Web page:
Moreland subpoena challenges may stretch into March
ALBANY—Legal challenges to the anti-corruption Moreland Commission's ability to subpoena records related to outside employment of state lawmakers may be pushed to March, according to a recent court filing.
Attorneys for assembly speaker Sheldon Silver, senate independent Democratic conference leader Jeff Klein, Republican leader Dean Skelos as well as the firms that employ them and several other colleagues signed a proposed order adjourning court proceedings to March 17, and setting the first deadline for the Moreland Commission's legal reply as January 10. Other private firms that have challenged other Moreland Commission subpoenas are expected to adopt a similar schedule, attorneys involved in the case said.
While the proposed schedule reflects the volume of material the commission is dealing with, it also gives legislators and Gov. Andrew Cuomo—who convened the commission in July and focused it on the Legislature—time to negotiate a package of changes to campaign finance and ethics laws. Speaking during a Monday cabinet meeting, Cuomo said this remains a “top tier” priority for next year.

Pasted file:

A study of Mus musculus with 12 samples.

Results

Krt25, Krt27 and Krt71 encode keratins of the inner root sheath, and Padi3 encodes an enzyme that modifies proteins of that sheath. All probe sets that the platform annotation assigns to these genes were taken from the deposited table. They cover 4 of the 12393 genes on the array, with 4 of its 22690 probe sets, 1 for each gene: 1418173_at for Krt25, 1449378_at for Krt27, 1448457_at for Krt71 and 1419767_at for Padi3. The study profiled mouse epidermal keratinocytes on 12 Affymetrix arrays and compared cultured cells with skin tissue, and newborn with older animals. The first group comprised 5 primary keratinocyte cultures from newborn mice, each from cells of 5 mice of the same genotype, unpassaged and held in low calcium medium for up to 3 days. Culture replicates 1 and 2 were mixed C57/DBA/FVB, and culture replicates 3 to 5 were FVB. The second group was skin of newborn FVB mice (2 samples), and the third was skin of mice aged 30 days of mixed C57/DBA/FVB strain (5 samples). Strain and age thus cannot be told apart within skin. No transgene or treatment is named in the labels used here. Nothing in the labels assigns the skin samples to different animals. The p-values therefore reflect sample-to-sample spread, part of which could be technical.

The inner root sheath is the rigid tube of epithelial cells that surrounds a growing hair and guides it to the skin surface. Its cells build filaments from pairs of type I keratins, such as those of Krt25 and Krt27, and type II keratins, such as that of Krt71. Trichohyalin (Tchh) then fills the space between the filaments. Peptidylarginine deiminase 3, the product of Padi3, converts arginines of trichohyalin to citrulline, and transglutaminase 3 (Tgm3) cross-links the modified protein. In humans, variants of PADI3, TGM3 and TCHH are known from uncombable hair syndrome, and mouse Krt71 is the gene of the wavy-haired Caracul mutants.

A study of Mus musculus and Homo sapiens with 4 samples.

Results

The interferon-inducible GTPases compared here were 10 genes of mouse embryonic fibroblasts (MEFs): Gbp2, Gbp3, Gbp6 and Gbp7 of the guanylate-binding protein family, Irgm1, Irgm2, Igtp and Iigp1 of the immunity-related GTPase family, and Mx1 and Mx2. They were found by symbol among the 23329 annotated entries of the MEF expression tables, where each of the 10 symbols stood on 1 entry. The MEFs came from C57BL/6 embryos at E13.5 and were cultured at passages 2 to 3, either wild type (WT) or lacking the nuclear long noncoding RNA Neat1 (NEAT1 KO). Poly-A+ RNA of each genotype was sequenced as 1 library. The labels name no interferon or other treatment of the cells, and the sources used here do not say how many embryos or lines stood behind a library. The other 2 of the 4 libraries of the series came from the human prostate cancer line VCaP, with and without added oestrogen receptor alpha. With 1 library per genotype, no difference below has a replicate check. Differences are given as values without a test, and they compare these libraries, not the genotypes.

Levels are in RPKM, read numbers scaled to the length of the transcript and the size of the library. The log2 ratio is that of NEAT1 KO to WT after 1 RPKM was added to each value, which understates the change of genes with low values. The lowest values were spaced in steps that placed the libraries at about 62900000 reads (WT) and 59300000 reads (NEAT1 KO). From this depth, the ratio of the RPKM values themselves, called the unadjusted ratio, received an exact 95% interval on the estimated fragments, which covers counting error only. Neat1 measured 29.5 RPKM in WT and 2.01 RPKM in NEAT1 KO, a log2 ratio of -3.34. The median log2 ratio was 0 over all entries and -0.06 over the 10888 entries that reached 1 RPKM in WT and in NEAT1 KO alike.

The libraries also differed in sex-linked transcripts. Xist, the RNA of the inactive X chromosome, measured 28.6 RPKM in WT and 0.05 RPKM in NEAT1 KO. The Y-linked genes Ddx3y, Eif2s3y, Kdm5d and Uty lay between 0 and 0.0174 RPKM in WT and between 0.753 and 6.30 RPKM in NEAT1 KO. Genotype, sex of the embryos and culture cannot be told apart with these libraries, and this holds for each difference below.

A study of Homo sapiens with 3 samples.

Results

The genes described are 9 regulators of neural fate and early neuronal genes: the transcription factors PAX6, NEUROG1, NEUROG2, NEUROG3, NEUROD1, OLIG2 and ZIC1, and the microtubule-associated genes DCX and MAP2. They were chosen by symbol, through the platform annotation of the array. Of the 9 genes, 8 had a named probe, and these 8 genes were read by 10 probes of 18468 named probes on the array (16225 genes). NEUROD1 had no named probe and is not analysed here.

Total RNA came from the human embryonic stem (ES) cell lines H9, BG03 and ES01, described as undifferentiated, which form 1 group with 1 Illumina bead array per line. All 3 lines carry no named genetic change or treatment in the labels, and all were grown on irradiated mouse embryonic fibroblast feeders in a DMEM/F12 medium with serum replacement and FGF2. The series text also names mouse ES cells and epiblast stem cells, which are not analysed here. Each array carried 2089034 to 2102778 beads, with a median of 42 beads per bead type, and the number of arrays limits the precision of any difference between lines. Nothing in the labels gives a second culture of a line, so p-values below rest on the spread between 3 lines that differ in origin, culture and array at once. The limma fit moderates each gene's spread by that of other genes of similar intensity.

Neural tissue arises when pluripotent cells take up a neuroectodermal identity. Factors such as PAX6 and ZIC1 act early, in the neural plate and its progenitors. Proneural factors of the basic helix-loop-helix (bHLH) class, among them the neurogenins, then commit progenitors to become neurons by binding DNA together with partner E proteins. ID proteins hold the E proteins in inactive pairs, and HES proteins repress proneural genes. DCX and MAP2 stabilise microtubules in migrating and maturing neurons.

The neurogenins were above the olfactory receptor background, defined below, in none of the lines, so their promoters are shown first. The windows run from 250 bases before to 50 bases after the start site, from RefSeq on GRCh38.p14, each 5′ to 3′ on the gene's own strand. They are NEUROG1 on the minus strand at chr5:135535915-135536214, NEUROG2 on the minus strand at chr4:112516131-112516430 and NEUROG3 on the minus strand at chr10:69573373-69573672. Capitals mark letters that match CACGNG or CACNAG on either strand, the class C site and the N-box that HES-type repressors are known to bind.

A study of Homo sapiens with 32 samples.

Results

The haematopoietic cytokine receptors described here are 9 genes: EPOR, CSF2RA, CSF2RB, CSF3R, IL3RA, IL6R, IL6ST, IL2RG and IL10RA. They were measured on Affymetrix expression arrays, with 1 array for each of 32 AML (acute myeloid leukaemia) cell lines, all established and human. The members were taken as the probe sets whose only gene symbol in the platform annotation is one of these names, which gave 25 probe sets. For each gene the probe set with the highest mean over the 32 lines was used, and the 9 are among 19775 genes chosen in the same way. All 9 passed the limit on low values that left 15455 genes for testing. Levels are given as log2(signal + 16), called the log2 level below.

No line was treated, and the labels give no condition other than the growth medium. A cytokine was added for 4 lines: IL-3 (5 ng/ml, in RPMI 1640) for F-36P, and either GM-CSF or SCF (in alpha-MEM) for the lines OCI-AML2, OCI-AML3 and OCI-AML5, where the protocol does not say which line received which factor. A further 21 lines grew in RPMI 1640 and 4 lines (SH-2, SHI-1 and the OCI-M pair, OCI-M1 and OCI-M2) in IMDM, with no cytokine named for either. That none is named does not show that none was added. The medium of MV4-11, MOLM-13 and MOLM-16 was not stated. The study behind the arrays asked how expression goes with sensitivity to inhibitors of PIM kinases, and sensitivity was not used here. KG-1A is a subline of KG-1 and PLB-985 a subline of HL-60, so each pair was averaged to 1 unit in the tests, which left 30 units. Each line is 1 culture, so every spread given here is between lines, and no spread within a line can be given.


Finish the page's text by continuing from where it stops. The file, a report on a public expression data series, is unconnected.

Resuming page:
An aide to Attorney General Eric Schneiderman, who is representing the Moreland Commission, also signed the proposed schedule. Legislators and their employers challenged the subpoenas as an improper infringement on the separation of powers. The commission reached an agreement to review records of the Senate Republican Campaign Committee after narrowing its initial request.
The legislative challenge is going strong, and as Jon Campbell reported, a consulting firm connected to an anti-Democratic political action committee filed papers seeking to quash its own subpoena.